Walls make up the greatest surface area of your home. Depending on how well-insulated your current walls are, a wall retrofit may be the best way to achieve deep energy savings. The key to efficient, durable walls is proper moisture management. Cold climate walls are especially susceptible to moisture damage, as moisture from inside the home can force its way into the building envelope, over time leading to mold and rot.
As you go about making your walls more energy efficient, it’s critical to make sure you maintain healthy humidity levels indoors and prevent moisture from being trapped in the walls.
CCHRC has done extensive studies on how various wall retrofit techniques perform in the cold Alaska winter. Some of the most common and cost-effective retrofit scenarios are described below.
Adding exterior foam – it’s all about the ratios.
When you add exterior insulation to your walls, you change many things related to moisture control. The extra insulation will slow heat loss through the wall and keep the framing warmer in the winter, but it will also inhibit moisture from escaping in the summer. This balance of moisture buildup in the winter and release in the summer has allowed our homes to work in Interior Alaska and other climate zones.
So if you’re going to block a drying pathway by adding foam, the key is to add sufficient insulation to keep your wall cavity warm enough so that water vapor does not condense on the sheathing. A wall system that achieves this should not have moisture problems, short of plumbing leaks or other major defects.
CCHRC studies have found that retrofitting walls with foam is safest when you follow the ⅔-⅓ rule of thumb. In other words, placing ⅔ (65% or more) of the total wall R-value is outside the sheathing (for example, 6 inches of foam for a 2×4 wall or 8 inches of foam for a 2×6 wall). Walls with less exterior foam (ranging from 59 percent to 30 percent exterior insulation) allowed moisture to accumulate during the winter and/or mold to grow.
Because many residential retrofits have less than 30 percent of the wall R-value outside the sheathing, the durability of the wall becomes largely a function of indoor conditions. In these cases, the potential for moisture damage depends on the quality of a vapor barrier and interior humidity conditions.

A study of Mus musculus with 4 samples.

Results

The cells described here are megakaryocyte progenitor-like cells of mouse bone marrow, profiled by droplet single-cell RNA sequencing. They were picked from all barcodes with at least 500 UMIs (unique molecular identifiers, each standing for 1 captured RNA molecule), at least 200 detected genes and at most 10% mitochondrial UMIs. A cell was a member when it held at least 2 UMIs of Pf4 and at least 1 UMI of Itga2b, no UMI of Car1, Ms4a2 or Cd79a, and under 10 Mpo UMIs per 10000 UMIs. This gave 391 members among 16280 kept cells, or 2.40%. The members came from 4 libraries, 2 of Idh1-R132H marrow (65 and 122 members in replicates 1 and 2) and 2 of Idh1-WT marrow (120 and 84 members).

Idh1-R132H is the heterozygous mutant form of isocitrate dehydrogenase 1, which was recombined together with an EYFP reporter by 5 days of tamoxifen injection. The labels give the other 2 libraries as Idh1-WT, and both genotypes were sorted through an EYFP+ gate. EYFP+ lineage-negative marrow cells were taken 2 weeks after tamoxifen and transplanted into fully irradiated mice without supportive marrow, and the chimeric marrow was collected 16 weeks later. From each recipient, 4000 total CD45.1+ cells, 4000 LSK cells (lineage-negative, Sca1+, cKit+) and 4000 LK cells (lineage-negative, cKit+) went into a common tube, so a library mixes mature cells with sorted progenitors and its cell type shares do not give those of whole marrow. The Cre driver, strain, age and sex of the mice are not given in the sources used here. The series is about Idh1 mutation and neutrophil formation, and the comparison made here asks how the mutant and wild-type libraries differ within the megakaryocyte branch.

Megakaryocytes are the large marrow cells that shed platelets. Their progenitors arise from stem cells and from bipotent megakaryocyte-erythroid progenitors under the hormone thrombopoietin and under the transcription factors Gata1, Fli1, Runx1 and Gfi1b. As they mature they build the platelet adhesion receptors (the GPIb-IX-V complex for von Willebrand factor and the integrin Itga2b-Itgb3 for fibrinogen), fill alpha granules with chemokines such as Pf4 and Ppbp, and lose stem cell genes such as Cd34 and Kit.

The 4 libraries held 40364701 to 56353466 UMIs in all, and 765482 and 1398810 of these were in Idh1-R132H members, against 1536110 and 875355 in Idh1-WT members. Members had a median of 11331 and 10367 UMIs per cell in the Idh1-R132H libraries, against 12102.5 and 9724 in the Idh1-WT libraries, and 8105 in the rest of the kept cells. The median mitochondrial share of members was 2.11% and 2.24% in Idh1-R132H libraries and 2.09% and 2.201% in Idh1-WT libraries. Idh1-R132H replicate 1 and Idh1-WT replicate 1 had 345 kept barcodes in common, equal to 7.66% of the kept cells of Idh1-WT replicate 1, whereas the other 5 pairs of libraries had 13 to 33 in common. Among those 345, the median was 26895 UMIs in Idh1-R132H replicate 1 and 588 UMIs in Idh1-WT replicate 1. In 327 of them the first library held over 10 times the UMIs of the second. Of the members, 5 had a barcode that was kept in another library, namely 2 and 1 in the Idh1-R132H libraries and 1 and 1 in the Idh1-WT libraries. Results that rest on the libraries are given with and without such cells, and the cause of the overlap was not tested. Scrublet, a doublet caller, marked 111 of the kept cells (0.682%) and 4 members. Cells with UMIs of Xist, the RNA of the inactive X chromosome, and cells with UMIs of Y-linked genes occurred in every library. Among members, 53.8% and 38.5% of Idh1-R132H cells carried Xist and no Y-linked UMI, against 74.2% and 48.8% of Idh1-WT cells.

Can adding less insulation than this 65 percent mark work in the Interior? Yes, but you’re taking more risk, and counting on humidity and pressure control measures to protect your house for you.
This typically means having a mechanical ventilation system in your home, such as a heat recovery ventilator (HRV). Do you have an HRV? If so, do you maintain it? Your home will thank you if you do. If you don’t, today’s wall retrofit might be creating more work for you than you counted on.
Adding Interior Foam
Lower cost, more disruptive.
If you don’t want to commit to an exterior foam retrofit, another way to boost your efficiency is through adding a thin layer of foam to the inside of the walls.
You should still comply with the ⅔-⅓ rule, by ensuring less than ⅓ of the total wall R-value is placed inside the vapor barrier.
This ensures that the dew point falls outside of the vapor barrier, where you shouldn’t have any issues with moisture and condensation. That means you’re only adding 1-1.5 inches of foam to the inside, which is less expensive than adding a thicker outer layer. For details on this type of wall retrofit, check out this video: Furring in an outside wall.
Cellulose Curtain Wall
A vapor-permeable option.
Another option is to frame a wall outside of your existing wall, called a curtain wall, and fill it with vapor-open insulation like cellulose. This frees you from the ⅔ – ⅓ rule needed for foam, because cellulose allows moisture to pass through.
You need to make sure the home is extremely airtight and that you have a quality vapor barrier on the inside of the home to prevent the walls from being overloaded with moisture.